Local - rather than state - authority was central to the recommendation of a state legislative committee on the regulation of group homes.
In its fourth and final meeting in Phoenix on Wednesday, Nov. 18, the state Ad Hoc Committee on Drug Rehab Recovery Homes voted to recommend to the Arizona State Legislature that cities, towns, and counties be given more authority to regulate sober-living homes.
State Rep. Noel Campbell, who had pushed for a bill that would raise the state's licensing and registration requirements for group homes, said Wednesday that he ultimately determined that his initial plan would not be successful in the legislature.
"Licensing is not going to happen, because the political powers that be, saw (group homes) as a local issue rather than a statewide issue," Campbell said, noting that he had talked to "many, many people in the senate" about the matter.
The City of Prescott has dealt in recent years with a proliferation of group homes, many of which are not required to be licensed by the state.
At the third ad hoc committee meeting earlier this month, a number of Prescott residents testified about the negative impacts the unregulated sober-living homes were having on their neighborhoods.
Although Prescott recently imposed stricter zoning regulations for new homes, city officials have maintained that municipalities do not have the authority to require registration, or to require higher levels of supervision at the homes.
Campbell, who lives in Prescott, took on the issue in this past year's legislative session with a bill that aimed at requiring more statewide regulation, but the bill stalled in the senate. Formation of the ad hoc committee - made up of legislators, industry representatives, and municipal officials - was an attempt to deal with some of the issues before the start of the 2016 legislative session.
Basically, Campbell said, he and a majority of other ad hoc committee members voted to recommend a bill that would create a state statute enabling counties and municipalities to heighten their own regulations on group homes. For instance: required registration; and enforcement on health, safety, and personnel requirements.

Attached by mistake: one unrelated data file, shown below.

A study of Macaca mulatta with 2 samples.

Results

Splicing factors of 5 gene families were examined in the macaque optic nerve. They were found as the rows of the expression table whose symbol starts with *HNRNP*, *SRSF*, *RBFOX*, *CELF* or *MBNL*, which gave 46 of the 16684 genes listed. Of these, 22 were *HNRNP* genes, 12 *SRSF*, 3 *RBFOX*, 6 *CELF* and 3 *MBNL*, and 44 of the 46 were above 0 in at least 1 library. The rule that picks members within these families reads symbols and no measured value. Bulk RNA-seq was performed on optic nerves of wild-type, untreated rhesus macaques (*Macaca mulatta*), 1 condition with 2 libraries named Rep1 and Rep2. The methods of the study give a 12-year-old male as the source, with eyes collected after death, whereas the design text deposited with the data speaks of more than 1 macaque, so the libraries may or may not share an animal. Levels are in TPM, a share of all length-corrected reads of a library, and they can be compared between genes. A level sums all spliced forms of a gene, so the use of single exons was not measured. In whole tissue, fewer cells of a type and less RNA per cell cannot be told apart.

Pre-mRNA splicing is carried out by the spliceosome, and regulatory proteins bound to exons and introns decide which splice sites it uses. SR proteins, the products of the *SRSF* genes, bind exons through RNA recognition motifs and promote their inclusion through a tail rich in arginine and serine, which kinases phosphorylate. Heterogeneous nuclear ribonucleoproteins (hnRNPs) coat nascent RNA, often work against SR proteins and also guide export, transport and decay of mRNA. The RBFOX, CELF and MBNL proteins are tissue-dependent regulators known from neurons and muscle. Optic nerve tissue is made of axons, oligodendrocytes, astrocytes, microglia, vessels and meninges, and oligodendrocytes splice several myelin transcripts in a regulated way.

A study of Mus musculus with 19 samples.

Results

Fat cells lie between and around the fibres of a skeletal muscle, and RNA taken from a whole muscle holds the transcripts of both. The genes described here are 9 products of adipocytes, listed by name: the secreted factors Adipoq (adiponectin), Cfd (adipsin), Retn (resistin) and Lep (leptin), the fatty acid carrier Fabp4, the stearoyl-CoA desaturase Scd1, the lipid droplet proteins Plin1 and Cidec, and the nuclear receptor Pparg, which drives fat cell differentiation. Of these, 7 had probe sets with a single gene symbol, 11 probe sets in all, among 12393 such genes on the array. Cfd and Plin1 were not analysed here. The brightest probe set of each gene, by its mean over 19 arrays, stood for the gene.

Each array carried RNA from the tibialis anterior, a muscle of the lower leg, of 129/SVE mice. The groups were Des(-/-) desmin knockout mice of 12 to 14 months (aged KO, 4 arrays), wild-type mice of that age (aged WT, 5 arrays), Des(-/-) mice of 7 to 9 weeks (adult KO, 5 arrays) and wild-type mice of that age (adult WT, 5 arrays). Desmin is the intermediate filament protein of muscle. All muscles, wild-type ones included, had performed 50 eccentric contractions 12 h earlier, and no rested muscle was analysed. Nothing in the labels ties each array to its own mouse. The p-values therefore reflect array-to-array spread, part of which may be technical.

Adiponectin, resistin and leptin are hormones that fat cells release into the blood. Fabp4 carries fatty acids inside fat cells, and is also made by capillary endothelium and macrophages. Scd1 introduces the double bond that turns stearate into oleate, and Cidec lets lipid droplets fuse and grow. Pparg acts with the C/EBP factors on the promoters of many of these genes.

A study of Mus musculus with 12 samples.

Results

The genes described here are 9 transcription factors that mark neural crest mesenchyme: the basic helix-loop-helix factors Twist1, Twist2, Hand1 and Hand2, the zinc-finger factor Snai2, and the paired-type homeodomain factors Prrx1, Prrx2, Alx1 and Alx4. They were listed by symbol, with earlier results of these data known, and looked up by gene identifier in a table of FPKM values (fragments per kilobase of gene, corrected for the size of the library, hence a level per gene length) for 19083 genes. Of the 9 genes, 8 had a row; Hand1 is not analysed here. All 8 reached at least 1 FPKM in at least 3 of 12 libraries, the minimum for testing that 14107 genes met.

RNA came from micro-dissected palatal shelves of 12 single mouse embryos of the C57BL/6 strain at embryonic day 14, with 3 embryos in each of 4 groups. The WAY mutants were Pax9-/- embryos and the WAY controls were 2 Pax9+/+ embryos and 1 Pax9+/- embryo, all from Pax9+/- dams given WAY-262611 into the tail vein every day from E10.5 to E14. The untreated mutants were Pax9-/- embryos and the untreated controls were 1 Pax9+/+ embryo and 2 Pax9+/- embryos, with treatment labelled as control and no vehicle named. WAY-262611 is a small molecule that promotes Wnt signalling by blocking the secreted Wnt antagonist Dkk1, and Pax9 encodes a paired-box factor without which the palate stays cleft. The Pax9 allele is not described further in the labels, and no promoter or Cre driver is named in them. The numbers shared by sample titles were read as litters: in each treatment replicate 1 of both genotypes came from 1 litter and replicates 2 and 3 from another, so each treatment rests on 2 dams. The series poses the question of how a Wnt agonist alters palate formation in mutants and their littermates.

"This would give them more power to regulate by requiring registration, and to look at issues that might go on inside the homes," Campbell said, adding that cities and counties would have the option on whether to impose the stricter regulations. "It would be only if the cities and towns want to do this," he said.
State Sen. Steve Pierce, a member of the ad hoc committee, cautioned that many steps would have to occur before the recommendation could become law.
"There's a lot of work to do yet," Pierce said after the meeting. "A bill has to be drafted, it has to be assigned to a (legislative) committee, and there will be a lot more public input. And then, it goes to the floor."
Pierce voted for the recommendation, and said afterward, "I think it's fine; it's very broad."
Noting that he does not like to see unnecessary legislation, Pierce said he still would like to ensure that the recommendation is the best way to handle the situation. "I want to make sure that there's not an easier way to do it," he said.
Along with the vote on the recommendation, this week's committee meeting focused on the insurance-coverage aspects of the group home issue. From the comments of industry representatives, Campbell said, "They are aware of the problems and want to stay on top of it."
Although the recommendation would not achieve what Campbell initially set out to do, he said it would be "taking a bite out of the apple."
Deputy City Manager Alison Zelms, who served on the committee, and other City of Prescott officials were unavailable for comment about the recommendation Wednesday.